I love the idea of creating a model ecosystem using materials from another, entirely different ecosystem:

Fish made of bubble wrap swim beneath lily-covered ponds made of plastic bottles in Montreal’s Eaton Centre mall. Cardboard trees adorn the walls, and water, made of yet more empty bottles, pours down the sides of the escalators. ‘Fragile,’ a new installation by artists Peter Gibson (AKA Roadsworth) and Brian Armstrong, has transformed the mall into an ecosystem of discarded items found in the mall’s trash bins. The numbers are pretty astounding: Roughly 20,000 water bottles and more 10,000 square feet of cardboard was used to create the artificial landscape. (It took the artists about eight months of dumpster-diving to come up with all of that stuff.)

According to the artist’s statement, the Fragile ecosystem wasn’t intended to look or feel like a perfect copy of nature. Instead, its beauty lies in its artificiality, emphasizing the difference between the manufactured and natural worlds.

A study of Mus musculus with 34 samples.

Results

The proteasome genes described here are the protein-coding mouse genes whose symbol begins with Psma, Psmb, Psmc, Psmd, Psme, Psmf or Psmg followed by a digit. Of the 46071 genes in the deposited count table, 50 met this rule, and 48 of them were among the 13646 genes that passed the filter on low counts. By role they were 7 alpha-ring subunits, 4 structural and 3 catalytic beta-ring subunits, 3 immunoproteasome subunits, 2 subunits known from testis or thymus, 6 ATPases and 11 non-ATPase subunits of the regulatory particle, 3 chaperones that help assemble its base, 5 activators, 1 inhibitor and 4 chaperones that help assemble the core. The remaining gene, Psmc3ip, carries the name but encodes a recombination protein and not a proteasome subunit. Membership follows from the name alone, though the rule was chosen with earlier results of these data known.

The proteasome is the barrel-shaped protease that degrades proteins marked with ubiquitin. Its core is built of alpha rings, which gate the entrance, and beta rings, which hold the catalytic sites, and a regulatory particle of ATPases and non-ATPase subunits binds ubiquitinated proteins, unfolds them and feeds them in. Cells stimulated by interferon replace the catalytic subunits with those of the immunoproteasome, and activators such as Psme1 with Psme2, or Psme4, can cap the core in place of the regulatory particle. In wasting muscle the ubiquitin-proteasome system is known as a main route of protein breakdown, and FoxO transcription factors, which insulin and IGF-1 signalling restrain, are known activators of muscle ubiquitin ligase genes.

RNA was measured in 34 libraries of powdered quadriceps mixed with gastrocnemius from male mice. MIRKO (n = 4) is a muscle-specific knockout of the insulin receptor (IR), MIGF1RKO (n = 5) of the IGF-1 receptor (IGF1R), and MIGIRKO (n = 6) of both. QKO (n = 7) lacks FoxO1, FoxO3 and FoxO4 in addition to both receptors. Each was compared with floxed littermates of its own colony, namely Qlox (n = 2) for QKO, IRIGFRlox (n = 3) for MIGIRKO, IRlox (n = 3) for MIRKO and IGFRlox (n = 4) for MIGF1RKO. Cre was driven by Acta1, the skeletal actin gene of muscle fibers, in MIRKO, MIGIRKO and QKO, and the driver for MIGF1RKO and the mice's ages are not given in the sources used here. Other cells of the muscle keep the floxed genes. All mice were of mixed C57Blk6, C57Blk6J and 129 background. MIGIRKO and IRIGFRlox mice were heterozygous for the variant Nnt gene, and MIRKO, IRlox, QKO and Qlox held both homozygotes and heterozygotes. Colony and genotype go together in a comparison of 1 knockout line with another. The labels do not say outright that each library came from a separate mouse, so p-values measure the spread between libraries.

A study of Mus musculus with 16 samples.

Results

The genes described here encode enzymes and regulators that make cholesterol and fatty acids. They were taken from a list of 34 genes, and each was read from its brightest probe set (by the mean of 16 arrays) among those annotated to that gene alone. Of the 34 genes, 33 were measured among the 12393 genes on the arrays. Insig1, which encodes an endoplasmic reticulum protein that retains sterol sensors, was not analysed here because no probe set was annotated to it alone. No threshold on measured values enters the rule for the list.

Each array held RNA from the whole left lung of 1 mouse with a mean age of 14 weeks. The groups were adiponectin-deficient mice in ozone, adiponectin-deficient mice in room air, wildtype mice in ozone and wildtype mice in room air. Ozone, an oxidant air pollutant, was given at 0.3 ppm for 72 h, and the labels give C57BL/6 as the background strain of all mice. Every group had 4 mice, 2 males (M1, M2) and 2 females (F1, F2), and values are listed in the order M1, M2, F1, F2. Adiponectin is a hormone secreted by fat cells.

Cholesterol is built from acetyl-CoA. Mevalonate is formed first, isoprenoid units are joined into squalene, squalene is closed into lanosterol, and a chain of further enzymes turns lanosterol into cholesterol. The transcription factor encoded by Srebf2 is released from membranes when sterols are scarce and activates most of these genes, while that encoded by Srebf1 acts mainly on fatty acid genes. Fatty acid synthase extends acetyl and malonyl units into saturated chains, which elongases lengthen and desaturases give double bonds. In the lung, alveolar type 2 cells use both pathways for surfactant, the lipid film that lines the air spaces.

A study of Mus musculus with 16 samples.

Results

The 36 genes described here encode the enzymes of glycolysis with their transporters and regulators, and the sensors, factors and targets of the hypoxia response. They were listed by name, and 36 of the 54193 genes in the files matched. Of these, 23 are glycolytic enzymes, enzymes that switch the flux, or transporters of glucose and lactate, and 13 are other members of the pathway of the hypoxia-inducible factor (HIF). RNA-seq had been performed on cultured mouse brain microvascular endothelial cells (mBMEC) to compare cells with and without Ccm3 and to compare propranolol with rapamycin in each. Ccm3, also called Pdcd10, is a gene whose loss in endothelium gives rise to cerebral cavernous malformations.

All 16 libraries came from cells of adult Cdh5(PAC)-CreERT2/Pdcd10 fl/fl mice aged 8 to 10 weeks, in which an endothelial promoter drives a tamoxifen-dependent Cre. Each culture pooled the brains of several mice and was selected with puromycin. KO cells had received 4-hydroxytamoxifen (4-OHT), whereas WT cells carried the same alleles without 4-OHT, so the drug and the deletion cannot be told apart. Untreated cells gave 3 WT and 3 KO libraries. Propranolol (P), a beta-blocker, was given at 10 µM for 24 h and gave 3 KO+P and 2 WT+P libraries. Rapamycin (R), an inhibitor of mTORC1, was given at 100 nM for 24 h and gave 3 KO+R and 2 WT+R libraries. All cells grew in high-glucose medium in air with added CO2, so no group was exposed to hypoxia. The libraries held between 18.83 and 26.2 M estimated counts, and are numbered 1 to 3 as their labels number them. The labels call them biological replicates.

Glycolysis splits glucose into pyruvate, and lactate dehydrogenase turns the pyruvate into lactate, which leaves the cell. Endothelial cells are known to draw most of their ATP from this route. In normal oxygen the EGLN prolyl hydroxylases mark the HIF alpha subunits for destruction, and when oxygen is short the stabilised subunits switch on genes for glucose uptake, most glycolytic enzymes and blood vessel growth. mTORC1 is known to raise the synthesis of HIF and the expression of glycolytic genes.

Read more: Canadian Artist Roadsworth Builds an Eco-System Out of Shopping Mall Trash | Inhabitat – Green Design Will Save the World



Beth Kelley is an applied & digital anthropologist with an overall interest in how people engage with and are impacted by their environments and vice versa. This has manifested itself in many ways, by looking at creativity, playful spaces, built environments, and environmental enrichment, sustainability, design research, and integrative and collaborative models of learning such as through play and hands-on learning.